Like the United States, Canada has gotten nowhere in developing offshore wind power, even as Europe reaps massive amounts of energy from the sea. A project planned for Lake Ontario is aiming to become Canada’s first offshore wind farm, and the company leading the effort has just brought on Siemens to supply turbines [PDF] and signed up a roster of contractors. But as with the long-planned, much-disputed Cape Wind development off Massachusetts, Windstream Energy’s 130-turbine, 300-megawatt (MW) Wolfe Island Shoals project is encountering big hurdles.
For instance, there’s the not-so-small matter of the province of Ontario’s moratorium on offshore wind. The government enacted the moratorium in February 2011, saying more research was needed on the potential environmental impact of offshore wind development on freshwater lakes.
“The recently installed Lake Vanern pilot project (pictured above) in Sweden is one of the only operational freshwater offshore projects in the world and a pilot project has been proposed in Ohio,” the Ministry of Environment said. “Ontario will monitor these projects and the resulting scientific knowledge. Ontario will work with our U.S. neighbours on research to ensure any future proposed projects protect the environment on both sides of the Great Lakes.”
In its announcement of the Siemens deal, Windstream noted that it “holds the only offshore wind power feed-in-tariff (FIT) contract in the province of Ontario, which was awarded by the Ontario Power Authority in May 2010.” But with the moratorium in place, that doesn’t count for much – to the company’s apparent frustration. Windstream President Ian Baines told the Hamilton (Ont.) Spectator he saw the FIT as a binding contract and suggested the project – at full scale – could be just the sort of study the province needs to get a better understanding off offshore wind on freshwater lakes.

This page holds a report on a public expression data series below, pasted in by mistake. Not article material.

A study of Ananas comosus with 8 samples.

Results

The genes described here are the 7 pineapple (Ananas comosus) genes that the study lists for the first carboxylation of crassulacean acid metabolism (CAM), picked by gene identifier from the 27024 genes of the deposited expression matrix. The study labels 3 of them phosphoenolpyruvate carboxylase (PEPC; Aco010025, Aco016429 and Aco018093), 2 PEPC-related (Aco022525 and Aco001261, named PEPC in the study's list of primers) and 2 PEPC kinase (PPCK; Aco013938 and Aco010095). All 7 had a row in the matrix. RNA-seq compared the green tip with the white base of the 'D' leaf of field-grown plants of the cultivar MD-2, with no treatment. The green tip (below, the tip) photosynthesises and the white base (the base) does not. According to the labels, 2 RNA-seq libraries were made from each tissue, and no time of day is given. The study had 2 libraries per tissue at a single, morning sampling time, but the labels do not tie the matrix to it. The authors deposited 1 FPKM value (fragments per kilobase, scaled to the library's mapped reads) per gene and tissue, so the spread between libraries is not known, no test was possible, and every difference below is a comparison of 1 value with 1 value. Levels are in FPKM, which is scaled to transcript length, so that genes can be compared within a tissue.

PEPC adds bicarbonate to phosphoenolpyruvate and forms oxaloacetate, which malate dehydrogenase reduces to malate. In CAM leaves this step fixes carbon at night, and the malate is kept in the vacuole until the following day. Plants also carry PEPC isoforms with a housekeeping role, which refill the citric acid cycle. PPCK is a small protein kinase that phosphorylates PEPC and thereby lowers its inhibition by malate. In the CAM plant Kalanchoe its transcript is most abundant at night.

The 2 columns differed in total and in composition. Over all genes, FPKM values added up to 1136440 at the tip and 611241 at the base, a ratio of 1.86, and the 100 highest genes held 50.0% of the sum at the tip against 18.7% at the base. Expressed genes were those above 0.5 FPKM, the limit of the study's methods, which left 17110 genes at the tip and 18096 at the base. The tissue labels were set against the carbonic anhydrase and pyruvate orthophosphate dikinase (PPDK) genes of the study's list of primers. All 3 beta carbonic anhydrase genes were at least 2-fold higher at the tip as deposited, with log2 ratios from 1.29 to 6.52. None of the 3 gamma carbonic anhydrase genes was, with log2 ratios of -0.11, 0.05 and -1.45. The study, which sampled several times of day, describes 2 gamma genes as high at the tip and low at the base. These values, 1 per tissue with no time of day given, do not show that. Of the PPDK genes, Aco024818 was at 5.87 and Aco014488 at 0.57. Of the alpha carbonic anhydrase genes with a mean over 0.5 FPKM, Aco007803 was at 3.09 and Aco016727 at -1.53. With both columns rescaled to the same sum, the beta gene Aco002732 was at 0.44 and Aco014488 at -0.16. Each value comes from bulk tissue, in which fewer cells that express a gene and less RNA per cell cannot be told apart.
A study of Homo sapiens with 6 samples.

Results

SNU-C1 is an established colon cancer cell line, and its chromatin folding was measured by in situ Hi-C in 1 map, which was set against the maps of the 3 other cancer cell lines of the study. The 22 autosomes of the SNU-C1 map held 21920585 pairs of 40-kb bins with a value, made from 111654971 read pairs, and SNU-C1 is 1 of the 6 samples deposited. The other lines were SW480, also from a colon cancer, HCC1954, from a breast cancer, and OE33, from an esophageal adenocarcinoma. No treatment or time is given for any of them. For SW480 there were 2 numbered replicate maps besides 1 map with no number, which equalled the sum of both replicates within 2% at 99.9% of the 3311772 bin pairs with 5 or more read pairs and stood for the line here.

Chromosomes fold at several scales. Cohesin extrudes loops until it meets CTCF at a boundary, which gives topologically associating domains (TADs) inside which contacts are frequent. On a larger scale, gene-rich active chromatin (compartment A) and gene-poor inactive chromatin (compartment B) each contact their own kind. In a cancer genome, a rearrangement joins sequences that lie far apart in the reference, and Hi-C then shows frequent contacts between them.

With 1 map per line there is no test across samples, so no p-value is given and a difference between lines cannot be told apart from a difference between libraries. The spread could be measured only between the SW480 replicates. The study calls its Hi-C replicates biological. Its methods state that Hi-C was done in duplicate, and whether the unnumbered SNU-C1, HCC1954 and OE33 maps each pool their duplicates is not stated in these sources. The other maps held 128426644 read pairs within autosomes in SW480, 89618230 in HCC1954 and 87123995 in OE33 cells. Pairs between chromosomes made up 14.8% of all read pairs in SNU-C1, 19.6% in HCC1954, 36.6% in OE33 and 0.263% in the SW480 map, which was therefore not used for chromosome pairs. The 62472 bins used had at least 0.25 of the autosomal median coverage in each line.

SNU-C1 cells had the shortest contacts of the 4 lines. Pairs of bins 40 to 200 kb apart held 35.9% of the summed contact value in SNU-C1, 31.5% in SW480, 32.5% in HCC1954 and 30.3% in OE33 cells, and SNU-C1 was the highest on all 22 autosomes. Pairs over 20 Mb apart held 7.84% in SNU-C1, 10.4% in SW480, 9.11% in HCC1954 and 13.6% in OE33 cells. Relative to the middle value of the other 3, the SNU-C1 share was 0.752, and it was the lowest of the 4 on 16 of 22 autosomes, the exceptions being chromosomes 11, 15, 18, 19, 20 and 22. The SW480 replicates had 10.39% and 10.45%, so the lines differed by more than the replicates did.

The Wolfe Shoals Island project is planned for 48,000 acres of shallow water shoals a few miles off the southwest shore of Wolfe Island in the far eastern corner of Lake Ontario.
In its campaign to overturn the moratorium and get the project moving, Windstream is promoting the economic benefits that construction would bring – an average of 1,900 jobs over a five-year construction period, plus 175 permanent jobs once the project is completed, according to a report the company commissioned [PDF]. Windstream and Siemens noted that their turbine deal calls for the rotor blades for the 2.3-MW turbines to be manufactured in Tillsonburg, Ontario, meeting the Ontario FIT requirement that the project have at least 50 percent local content.
In late 2011, a consortium of companies organized the Lake Ontario Offshore Network to advocate for wind development on the lake, and the cities of Kingston and Hamilton have registered support for the offshore project, according to the group [PDF].
Still, there is opposition, and the announcement of the deal with Siemens brought a post and a flurry of comments to the Ontario Wind Resistance blog, with many commenters suspicious that the Ontario government was about to end the moratorium. Wind projects in general in Ontario have faced some opposition, although it is always difficult to know how pervasive the opposition really is. Last month, the government tried to put to rest allegations of adverse health effects citing a new study that it said “concluded there is no direct health risk from wind turbine sound at Ontario’s regulated setback distance.”